The U.S. Army has awarded a $49.7 million contract to Robotic Research LLC for autonomous kits to be tested on large supply vehicles in an effort to one day send unmanned resupply convoys across the battlefield.
The three-year award is part of the Expedient Leader Follower program, which is designed to extend the scope of the Autonomous Ground Resupply program, according to a recent release from Robotic Research.
Army leaders have pledged to make robotics and vehicle autonomy one of the service's top modernization priorities.
The Next Generation Combat Vehicle program will be designed around manned and unmanned combat vehicles, giving commanders the option to send robotic vehicles against the enemy before committing manned combat forces, Army officials said.
A Scan Eagle unmanned aerial vehicle launches from the Navy Surface Warfare Center Dahlgren test range. (U.S. Navy photo by John F. Williams)
The service plans to build its first Robotic Combat Vehicle technology demonstrator in three years. The early RCVs will help program officials develop future designs of autonomous combat vehicles, officials added.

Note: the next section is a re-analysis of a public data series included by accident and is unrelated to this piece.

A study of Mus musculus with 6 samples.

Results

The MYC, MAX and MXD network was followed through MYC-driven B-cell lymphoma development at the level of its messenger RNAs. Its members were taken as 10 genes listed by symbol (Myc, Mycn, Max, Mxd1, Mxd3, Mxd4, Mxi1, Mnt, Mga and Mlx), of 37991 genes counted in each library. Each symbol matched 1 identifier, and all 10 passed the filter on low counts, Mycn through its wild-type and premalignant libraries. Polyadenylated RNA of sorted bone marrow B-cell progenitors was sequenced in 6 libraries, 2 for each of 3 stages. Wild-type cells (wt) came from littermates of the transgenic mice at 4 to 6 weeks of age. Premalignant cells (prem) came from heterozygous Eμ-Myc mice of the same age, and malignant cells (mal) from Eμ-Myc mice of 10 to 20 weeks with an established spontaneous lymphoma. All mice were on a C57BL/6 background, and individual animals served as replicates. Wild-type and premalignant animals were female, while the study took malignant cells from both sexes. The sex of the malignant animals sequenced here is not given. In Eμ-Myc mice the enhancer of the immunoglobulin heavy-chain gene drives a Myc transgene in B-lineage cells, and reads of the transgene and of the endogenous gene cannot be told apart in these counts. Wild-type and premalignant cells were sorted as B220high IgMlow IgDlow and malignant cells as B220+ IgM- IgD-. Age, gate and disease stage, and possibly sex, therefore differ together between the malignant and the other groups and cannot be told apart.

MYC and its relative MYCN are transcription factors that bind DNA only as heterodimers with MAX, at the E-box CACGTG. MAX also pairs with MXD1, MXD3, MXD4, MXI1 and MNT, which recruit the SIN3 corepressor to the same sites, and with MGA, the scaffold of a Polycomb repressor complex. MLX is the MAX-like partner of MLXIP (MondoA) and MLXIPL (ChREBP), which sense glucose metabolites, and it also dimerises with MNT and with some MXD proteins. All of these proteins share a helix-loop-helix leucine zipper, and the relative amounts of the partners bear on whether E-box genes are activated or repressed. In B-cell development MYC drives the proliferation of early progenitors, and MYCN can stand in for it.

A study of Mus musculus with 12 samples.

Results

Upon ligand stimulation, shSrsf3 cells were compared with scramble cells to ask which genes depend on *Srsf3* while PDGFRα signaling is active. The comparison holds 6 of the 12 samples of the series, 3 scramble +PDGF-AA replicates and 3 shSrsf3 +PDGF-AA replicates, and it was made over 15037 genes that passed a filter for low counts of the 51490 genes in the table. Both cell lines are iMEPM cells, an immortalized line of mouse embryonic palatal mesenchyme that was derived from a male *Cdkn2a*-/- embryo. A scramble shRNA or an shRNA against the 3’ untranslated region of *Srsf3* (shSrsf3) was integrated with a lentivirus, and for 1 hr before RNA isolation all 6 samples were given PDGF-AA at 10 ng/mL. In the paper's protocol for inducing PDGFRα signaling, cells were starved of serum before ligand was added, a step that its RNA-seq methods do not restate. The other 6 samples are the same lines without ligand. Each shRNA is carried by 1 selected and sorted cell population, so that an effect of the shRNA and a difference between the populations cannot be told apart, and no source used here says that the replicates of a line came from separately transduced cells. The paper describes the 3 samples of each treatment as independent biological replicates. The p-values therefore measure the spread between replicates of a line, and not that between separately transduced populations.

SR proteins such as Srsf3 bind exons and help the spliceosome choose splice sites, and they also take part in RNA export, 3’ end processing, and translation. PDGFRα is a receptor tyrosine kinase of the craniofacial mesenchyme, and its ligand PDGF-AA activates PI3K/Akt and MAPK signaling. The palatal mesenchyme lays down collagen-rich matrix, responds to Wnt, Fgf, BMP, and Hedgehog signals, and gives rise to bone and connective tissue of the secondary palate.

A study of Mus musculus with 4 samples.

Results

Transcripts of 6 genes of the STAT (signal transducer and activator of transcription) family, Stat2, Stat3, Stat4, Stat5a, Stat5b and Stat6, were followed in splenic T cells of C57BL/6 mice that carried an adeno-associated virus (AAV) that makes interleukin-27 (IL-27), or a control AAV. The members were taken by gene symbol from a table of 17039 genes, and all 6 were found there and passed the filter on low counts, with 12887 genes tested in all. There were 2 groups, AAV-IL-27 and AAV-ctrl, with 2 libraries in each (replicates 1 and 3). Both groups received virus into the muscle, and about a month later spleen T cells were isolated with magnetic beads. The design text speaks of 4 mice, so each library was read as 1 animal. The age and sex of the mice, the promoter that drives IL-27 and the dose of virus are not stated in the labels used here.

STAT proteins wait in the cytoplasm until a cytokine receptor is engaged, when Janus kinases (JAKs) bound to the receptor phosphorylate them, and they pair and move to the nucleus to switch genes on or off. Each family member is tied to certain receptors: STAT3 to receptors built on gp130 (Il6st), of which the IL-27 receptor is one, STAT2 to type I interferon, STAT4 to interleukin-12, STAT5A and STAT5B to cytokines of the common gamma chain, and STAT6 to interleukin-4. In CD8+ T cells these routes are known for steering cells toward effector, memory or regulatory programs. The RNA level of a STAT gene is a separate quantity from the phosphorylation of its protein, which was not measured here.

Army Secretary Mark Esper has stressed that autonomous vehicles have a definite place in what became one of the most deadly mission during the Iraq War — resupply convoy duty.
The Army lost "too many" soldiers to improvised explosive device attacks driving and riding in resupply convoys, he said.
Under the Expedient Leader Follower program, the autonomous kits, made by Robotic Research, will be installed on Army vehicles, such as the Oshkosh PLS A1s. A series of the optionally manned vehicles will autonomously follow the path of the first, manned vehicle, the release states.
The XM1216 Small Unmanned Ground Vehicle.
The program follows the "Autonomous Mobility Applique Systems (AMAS), Joint Capability Technology Demonstration (JCTD), and [Autonomous Ground Resupply] programs to develop unmanned prototype systems that address the needs of the Leader Follower Directed Requirement and Program of Record," the release states.
The AGR architecture is being developed to "become the de-facto autonomous architecture for all foreseeable ground robotic vehicles," according to the release.
"We are deeply honored to have been selected to perform this critical work for the U.S. Army," said Alberto Lacaze, president of Robotic Research. "The Robotic Research team shares the Army's commitment to rapidly fielding effective autonomy solutions to our nation's soldiers."
This article originally appeared on Military.com. Follow @military.com on Twitter.